In late 2018, there were some predictions that there would be a significant El Niño event in 2019. There were strong hints of an El Niño event in both SST data and forecasts. In an April 6th 2018 essay, Bob Tisdale suggested “Looks like one may be forming right now.”
But if we look at the animation provided by NOAA’s Climate prediction center, it sure looks like it has been fading:
And if we look at the recent SST satellite data, there’s no strong signature of El Niño in the Eastern Pacific near the west coast of South America. There is some elevated water temperature, but it is mostly 1 degree C or less:
Finally, a look at the BoM sequence going back to the October 2018 in the top panel, when compared to the bottom panel for January 2019 suggests that the ENSO event is dying:
From the most recent ENSO forecast from NOAA’s climate prediction center, dated January 7th, 2019, we have this:
- ENSO-neutral conditions are present.*
- Equatorial sea surface temperatures (SSTs) are above average across most of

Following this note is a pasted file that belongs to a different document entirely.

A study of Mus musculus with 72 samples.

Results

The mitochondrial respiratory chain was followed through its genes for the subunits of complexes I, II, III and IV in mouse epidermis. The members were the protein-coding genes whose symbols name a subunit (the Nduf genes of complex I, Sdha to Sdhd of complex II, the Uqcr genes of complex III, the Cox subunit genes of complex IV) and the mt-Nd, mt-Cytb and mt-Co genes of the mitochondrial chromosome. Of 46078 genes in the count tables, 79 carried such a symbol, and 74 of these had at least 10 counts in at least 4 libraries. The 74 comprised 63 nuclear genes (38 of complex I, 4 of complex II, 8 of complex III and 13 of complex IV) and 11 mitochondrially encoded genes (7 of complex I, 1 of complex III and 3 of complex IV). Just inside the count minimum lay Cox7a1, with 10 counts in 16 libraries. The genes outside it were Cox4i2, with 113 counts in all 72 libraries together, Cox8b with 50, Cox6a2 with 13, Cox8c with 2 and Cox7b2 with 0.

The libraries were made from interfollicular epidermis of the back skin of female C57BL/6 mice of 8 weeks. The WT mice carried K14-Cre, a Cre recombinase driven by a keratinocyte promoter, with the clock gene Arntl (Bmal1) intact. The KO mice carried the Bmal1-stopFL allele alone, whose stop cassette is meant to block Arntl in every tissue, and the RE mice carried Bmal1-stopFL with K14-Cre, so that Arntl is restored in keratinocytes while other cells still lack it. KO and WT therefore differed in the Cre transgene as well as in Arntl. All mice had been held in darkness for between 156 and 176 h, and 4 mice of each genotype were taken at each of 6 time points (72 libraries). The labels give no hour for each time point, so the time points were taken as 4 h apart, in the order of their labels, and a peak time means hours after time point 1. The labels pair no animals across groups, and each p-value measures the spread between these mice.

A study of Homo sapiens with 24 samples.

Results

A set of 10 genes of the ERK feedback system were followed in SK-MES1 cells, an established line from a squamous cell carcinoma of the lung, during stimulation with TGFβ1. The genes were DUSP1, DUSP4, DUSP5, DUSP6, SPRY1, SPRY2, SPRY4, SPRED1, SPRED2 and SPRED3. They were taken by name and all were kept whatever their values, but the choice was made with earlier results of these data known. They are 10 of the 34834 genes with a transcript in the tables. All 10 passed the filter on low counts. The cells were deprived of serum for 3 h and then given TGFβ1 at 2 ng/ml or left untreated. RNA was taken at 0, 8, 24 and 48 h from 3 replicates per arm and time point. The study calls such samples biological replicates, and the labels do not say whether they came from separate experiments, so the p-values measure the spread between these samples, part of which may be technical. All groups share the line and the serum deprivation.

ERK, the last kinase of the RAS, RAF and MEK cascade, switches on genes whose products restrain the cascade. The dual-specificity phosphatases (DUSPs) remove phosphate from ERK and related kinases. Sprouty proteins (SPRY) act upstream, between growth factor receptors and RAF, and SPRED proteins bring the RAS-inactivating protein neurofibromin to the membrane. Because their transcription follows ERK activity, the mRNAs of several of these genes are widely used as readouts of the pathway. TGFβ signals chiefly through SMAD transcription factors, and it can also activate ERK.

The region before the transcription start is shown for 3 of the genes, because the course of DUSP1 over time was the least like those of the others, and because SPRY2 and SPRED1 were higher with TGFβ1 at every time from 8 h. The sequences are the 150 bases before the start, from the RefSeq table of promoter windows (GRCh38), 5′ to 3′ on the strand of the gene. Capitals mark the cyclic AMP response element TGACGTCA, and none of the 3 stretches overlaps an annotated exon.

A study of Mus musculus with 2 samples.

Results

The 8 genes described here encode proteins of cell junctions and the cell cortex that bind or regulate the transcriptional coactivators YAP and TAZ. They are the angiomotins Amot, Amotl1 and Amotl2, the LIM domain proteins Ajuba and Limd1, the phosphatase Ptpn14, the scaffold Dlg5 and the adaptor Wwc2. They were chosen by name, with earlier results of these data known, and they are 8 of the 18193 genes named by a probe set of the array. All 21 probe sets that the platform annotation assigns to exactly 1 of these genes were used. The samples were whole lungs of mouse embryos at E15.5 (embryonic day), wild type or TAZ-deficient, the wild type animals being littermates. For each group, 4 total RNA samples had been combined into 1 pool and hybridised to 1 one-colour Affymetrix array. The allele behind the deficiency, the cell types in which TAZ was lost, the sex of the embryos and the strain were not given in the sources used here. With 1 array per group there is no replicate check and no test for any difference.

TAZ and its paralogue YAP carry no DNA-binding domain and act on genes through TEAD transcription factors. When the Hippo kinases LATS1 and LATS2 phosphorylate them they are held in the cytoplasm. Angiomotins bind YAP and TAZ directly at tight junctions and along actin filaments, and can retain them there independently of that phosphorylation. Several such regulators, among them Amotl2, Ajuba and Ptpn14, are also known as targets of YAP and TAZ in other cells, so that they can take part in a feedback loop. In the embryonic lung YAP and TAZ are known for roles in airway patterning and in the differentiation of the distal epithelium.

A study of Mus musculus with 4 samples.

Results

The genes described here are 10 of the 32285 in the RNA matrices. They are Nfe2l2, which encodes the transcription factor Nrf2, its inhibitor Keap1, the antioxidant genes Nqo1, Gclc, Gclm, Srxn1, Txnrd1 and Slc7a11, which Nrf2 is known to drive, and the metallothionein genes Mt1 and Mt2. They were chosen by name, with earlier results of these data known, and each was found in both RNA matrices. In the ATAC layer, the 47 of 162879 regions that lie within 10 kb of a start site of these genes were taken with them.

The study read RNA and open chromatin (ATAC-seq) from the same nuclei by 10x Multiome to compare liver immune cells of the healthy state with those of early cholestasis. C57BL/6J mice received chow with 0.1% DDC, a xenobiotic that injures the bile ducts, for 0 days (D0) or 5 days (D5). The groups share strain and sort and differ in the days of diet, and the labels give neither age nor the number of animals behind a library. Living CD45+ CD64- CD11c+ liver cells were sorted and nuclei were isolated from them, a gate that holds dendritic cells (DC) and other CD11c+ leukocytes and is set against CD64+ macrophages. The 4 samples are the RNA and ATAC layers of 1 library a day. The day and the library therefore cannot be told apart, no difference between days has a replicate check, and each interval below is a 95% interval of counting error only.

the Pacific Ocean.
- The patterns of convection and winds are mostly near average over the tropical
- El Niño is expected to form and continue through the Northern Hemisphere
winter 2018-19 (~90% chance) and through spring (~60% chance).*
* Note: These statements are updated once a month (2nd Thursday of each month) in association with the ENSO Diagnostics Discussion, which can be found by clicking here.
But, in that same forecast presentation, they show this slide:
Four weeks of negative changes doesn’t install confidence for a growing ENSO event.
It will be interesting to see what evolves. However, the chances of 2019 becoming another “hottest year ever” aren’t off to a strong start.